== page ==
To John Augustine Washington
[Camp in the Great Meadows, Pa.,
31 May 1754]
Since my last we have arrived at this place, where 3 days agoe we had an engagemt wth the French that is, between a party of theirs & Ours; Most of our men were out upon other detachments, so that I had scarcely 40 men under my Command, and about 10, or a doz. Indians, nevertheless we obtained a most signal Victory. The Battle lasted abt 10, or 15 minutes, sharp firing on both sides, when the French gave ground & run, but to no great purpose; there were 12 killed, among which was Monsr De Jumonville the Commandr, & taken 21 prisoners with whom are Monsieurs La Force, Druillong, together with 2 Cadets. I have sent them to his Honr the Governor at Winchester conducted by Lieut. West & a guard of 20 men. We had but one man killed, 2 or 3 wounded and a great many more within an Inch of being shott; among the wounded on our side was Lieut. Waggoner, but no danger will ensue.
We expect every Hour to be attacked by a superior Force, but shall if they stay one day longer be prepared for them; We have already got Intrenchments & are about a Pallisado’d Fort, which will I hope be finished today. The Mingo’s have struck the French & I hope will give a good blow before they have done, I expect 40 odd of them here to night, wch with our Fort and some reinforcements from Colo. Fry, will enable us to exert our Noble Courage with Spirit. I am Yr Affe Bror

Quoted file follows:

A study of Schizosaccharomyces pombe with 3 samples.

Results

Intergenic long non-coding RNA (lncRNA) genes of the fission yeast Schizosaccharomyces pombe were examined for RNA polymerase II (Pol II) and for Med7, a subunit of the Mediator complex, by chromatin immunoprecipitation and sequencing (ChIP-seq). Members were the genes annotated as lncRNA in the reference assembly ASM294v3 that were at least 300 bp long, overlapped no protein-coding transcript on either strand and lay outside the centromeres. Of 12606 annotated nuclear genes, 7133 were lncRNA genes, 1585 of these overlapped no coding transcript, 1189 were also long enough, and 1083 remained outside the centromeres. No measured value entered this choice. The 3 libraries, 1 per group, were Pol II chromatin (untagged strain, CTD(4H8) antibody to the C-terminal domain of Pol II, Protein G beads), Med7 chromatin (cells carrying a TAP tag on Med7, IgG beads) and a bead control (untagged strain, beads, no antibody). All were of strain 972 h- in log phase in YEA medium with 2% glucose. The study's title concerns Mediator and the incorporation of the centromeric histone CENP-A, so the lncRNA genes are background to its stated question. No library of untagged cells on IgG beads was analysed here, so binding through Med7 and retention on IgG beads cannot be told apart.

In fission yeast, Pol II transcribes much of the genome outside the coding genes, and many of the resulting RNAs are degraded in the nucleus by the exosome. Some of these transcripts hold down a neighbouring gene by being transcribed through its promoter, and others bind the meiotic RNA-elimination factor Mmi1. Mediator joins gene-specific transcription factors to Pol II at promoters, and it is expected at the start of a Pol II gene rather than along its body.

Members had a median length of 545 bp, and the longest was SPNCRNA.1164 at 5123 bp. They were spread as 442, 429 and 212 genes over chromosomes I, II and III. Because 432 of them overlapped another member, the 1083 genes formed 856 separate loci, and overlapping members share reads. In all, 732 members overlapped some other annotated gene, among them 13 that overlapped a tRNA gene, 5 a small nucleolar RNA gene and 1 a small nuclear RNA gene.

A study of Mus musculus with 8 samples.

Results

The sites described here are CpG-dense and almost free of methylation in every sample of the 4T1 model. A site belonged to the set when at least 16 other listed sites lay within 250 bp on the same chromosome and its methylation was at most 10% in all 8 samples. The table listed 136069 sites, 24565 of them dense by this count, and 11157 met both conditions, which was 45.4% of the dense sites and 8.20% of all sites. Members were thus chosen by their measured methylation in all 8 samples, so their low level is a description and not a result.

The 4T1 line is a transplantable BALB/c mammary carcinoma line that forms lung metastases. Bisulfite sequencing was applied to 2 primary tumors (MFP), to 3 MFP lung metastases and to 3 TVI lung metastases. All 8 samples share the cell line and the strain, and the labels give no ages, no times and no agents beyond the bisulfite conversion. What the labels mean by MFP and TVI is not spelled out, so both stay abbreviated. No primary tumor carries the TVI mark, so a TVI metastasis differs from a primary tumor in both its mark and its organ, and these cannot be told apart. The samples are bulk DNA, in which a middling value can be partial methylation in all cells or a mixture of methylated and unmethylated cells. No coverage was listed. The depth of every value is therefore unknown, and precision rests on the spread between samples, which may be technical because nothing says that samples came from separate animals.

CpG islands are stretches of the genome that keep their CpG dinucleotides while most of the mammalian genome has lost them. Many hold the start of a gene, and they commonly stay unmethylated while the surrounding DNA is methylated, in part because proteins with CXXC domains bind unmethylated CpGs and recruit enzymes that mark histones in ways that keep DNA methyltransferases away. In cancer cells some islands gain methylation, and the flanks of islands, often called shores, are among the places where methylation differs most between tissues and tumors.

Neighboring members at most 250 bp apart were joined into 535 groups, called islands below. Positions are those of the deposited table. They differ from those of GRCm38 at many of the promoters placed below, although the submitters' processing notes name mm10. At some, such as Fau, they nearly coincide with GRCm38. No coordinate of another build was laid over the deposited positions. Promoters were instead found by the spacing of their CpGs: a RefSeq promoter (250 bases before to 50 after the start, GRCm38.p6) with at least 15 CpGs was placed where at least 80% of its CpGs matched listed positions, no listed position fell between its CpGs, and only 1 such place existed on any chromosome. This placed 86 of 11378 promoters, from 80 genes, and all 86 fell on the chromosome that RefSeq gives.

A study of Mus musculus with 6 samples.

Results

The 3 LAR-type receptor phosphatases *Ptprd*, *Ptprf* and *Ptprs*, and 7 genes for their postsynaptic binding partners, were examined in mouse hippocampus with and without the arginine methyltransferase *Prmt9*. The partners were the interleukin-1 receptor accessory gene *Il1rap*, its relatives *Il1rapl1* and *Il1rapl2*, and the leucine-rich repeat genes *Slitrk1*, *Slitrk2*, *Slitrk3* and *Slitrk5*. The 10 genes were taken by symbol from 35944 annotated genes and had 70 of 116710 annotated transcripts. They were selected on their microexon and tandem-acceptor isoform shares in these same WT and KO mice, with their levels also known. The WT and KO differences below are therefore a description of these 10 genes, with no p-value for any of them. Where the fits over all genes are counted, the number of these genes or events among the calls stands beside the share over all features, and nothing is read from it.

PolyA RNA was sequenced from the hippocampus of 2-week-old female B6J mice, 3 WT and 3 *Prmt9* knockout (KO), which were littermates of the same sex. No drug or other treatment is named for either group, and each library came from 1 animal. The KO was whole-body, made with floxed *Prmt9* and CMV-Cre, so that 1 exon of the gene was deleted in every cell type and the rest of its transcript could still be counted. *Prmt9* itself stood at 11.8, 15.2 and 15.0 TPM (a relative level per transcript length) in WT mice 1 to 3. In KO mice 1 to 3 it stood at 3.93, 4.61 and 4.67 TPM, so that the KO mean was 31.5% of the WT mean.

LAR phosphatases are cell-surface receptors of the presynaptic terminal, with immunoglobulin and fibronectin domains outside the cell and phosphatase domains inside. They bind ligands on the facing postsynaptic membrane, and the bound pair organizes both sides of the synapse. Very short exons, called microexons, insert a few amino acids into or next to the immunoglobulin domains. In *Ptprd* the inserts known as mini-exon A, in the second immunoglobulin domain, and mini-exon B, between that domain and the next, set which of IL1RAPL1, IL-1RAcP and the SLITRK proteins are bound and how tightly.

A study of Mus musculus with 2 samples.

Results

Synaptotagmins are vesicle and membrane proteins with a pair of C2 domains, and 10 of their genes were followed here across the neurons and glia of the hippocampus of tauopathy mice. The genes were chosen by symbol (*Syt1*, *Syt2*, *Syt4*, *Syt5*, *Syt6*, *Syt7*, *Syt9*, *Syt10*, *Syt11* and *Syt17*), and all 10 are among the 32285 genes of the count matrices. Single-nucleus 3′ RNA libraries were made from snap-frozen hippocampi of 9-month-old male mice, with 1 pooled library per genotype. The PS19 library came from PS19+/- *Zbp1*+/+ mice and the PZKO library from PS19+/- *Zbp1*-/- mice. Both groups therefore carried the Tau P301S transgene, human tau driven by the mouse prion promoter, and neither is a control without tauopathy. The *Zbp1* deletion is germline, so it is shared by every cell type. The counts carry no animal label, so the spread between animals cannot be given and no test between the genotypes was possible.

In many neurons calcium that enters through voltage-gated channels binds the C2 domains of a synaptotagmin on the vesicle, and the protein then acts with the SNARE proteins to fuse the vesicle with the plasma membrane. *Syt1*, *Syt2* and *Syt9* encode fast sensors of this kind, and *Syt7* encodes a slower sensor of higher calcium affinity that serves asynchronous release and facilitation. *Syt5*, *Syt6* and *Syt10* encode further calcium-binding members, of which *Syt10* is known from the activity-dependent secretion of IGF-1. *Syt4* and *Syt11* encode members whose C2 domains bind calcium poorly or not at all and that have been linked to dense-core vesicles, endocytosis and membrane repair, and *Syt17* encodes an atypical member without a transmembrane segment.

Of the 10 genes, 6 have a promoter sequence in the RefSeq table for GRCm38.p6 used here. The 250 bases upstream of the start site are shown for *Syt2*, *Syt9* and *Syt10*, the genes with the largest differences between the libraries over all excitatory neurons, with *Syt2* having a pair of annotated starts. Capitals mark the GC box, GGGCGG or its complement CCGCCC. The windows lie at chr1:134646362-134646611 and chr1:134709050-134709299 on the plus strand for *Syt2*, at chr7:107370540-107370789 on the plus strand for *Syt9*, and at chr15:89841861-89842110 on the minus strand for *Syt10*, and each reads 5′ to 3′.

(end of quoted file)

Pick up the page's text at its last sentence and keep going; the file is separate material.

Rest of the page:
I fortunately escaped without a wound, tho’ the right Wing where I stood was exposed to & received all the Enemy’s fire and was the part where the man was killed & the rest wounded. I can with truth assure you, I heard Bulletts whistle and believe me there was something charming in the sound.1
Copy, MHi: Alexander C. Washburn Autograph Collection. There is on the manuscript the following notation written in another hand: “apparently copied by Edmund Pendleton.” Another version of the letter, with differences in wording but of similar sense, appeared in the London Magazine, Aug. 1754.
John Augustine Washington (1736–1787), often referred to as Jack, was one of GW’s younger brothers. It was he who became resident manager of Mount Vernon while GW was serving as colonel of the Virginia Regiment on the frontier in the years following Braddock’s defeat.